Tonight, I get to do the fun part of fulfilling duties as the Seattle/Northwest chapter chairman of the Baseball Writers Association of America. Usually, the job involves collecting membership dues, assigning voting for end of season MLB awards and a whole bunch of monotony you don’t want to hear about. Not tonight. This time, I get to go down on the field pre-game and present our local awards to the Mariners Most Valuable Player, Most Valuable Pitcher and Unsung Hero. Looking forward to it.
We discussed the Unsung Hero part a few days back. Now, let’s look at the Most Valuable Player race because it’s a close one.
You’ve got Franklin Gutierrez, having one of the best defensive seasons any player can enjoy. Then, there’s Ichiro, who put another record season together in the hits department. And also, Russell Branyan, who might have hit 40 home runs had he not been hurt this final month. Jose Lopez is a middle infielder with 25-homer power and an outside shot at 100 RBI. OK, that about covers the candidates.
So, who gets it?
We can look at how Branyan for months was the only serious power threat the Mariners had in their lineup. And those homers were not cheapies either. Most required a tape measure. It felt like the entire month of May saw the offense carried by Branyan at one time or another.
As for Lopez, he provided the type of power not traditionally found in second basemen. We know what Ian Kinsler and Aaron Hill can do. But second base is supposed to be the domain of slap hitters (Bret Boone was the exception, not the rule folks).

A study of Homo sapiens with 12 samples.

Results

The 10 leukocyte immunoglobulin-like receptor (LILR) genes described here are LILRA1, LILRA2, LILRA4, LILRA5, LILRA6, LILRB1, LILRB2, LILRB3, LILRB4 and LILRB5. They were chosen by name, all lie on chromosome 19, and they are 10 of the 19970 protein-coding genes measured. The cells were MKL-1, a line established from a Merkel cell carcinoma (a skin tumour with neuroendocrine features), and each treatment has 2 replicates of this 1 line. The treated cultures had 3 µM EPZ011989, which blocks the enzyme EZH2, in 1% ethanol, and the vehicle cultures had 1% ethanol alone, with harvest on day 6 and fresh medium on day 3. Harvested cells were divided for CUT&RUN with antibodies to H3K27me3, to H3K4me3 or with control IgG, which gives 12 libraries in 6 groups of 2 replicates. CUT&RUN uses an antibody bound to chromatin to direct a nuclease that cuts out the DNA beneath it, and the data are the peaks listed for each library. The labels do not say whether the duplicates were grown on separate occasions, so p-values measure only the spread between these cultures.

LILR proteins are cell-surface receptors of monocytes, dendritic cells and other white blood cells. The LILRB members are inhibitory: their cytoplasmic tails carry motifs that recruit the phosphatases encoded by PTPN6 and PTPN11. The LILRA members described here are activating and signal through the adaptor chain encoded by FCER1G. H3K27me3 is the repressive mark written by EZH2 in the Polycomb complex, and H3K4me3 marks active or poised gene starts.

But how can anyone look beyond the contributions of Gutierrez and Ichiro in picking an MVP? Both are known for excellence on the offensive and defensive side. What Gutierrez has going for him defensively, Ichiro makes up for with his bat.
There are some numbers that try to quantify “value” though you have to take these, as with any numbers, with a grain of salt.
Over at FanGraphs.com, they use the Wins Above Replacement (WAR) stat and using those to pick between Gutierrez and Ichiro amounts to starting a war because they are both very close.
Gutierrez comes away with a 5.6, while Ichiro has a 5.0.
So, that stat shows Gutierrez to be more “valuable” than Ichiro. But not by much. And — here’s the catch — Gutierrez gets the nod largely because of his defensvie stats. His Ultimate Zone Rating of 27.1 is just off the charts. Combine that with his .763 OPS and you have the makings of an all-star centerfielder.
Ichiro’s UZR is also an impressive 9.4. Not unworldly like Gutierrez’s number, but few fielders are ever going to achieve a UZR that high. Ichiro’s number is still excellent. And his offensive OPS of .852 is clearly better than Gutierrez’s.
Which is why their WAR values are so close.
Keep in mind, though, that defensive stats are still in their infancy and more prone to fluctuations than offensive numbers. There is less certainty involved and stats like UZR are best viewed over multiple seasons.
Which means that a close race in WAR values might mean that a guy leading the race is not necessarily the better player. You could flip-flop it. In other words, this race between Ichiro and Gutierrez — at least in WAR — is too close to call.
I won’t tell you who I voted for this time because I’m representing the chapter. Sorry, this is one tough debate I’m actually going to sit out.
But I want to hear from you. Who is the team MVP?